Students in Strasbourg, eastern France. Photo: AFP
10:59 CEST+02:00
The German ambassador to France has met the education minister to air her concerns about the decline of German language classes for French students, as new reforms threaten to push the language to a fourth option.
The German Ambassador to France Suzanne Wasum-Rainer met with Education Minister Najat Vallaud-Belkacem on Monday night for "extensive discussions" about the number of students in France learning the German language, reported Le Figaro newspaper
 
At the heart of the matter is a slew of education reforms that are on the table in France which would see a shift in the way younger children are taught second and third languages. 
 
The reforms, which are scheduled to take effect in September next year, include measures for pupils to start learning their second foreign language at the age of 12, one year earlier than they currently do.
 
This extra time spent on a new language could mean that cuts are made elsewhere, which would likely mean a removal of "bilingual" or "international" classes.
 

(Education Minister Najat Vallaud-Belkacem. Photo: AFP)
 
And as many pupils opt for English as their number one choice of a second language, and often prefer Spanish as the easiest third alternative - the Germans are worried their language will be forgotten.
 
Ever since the 1963 treaty, France and Germany have both worked to teach each other's languages in schools as part of a reconciliation programme, and the bilingual classes have been seen as a strong part of this tradition.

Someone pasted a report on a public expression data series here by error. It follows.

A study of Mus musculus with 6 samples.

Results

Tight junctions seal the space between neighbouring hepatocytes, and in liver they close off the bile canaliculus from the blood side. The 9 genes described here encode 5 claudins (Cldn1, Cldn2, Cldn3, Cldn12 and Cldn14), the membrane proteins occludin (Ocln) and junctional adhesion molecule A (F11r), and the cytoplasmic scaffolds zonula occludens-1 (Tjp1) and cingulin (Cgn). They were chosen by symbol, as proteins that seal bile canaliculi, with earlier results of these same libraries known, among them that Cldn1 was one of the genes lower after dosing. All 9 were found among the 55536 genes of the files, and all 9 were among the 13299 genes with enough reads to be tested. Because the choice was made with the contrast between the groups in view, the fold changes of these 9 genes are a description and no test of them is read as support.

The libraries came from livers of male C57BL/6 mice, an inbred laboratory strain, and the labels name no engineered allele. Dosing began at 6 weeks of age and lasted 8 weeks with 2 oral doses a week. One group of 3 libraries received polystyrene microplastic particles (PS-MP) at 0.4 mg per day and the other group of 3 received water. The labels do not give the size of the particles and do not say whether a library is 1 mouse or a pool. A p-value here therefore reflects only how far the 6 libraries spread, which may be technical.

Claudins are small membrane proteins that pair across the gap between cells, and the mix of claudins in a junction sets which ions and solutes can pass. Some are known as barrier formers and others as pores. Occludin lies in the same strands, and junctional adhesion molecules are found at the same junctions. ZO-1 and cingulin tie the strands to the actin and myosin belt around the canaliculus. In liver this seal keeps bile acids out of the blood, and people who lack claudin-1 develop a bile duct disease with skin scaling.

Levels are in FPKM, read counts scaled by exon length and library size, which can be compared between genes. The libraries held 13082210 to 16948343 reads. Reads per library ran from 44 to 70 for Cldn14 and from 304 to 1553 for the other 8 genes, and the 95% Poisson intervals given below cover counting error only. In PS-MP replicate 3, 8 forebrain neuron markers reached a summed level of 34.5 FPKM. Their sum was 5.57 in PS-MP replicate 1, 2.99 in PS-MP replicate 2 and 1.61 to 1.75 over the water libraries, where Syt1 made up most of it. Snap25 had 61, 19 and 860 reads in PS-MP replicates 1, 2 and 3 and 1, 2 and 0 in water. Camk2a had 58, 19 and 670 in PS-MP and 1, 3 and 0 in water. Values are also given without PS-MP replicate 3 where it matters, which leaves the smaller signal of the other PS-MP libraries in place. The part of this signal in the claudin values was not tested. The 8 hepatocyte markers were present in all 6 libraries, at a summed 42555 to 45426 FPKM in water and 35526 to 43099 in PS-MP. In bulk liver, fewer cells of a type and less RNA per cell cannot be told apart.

Vallaud-Belkacem has argued these classes are generally reserved for "elite" students, reported Le Figaro, and that she wanted second languages to be accessible "for everyone".
 
Ambassador Wasum-Rainer, however, is not alone when it comes to the concern of the bilingual classes being scrapped.
 
Joachim Umlauf, the head of the Goethe Institute which promotes the study of the German language abroad, has slammed the reforms and said that learning German in France has about the same priority as growing orchids
 
Fifty-nine MPs who are part of a Franco-German unity group also signed a letter for the education minister outlining their own worries on the matter.
 
While the outcome of their discussions remains unknown for now, Vallaud-Belkacem is adamant that it's time to deal with a disparity in French schools. She said recently that France's high school education system (collège) is "doing badly" and pupils' results are deteriorating, 
 
"The problem with French high school pupils today is that they are bored. We need to reawaken their appetite," she said at the time. 
 
Her reforms aim especially to address the issues of children who are falling behind, in an effort to change what some have referred to as France's elitist school curriculum.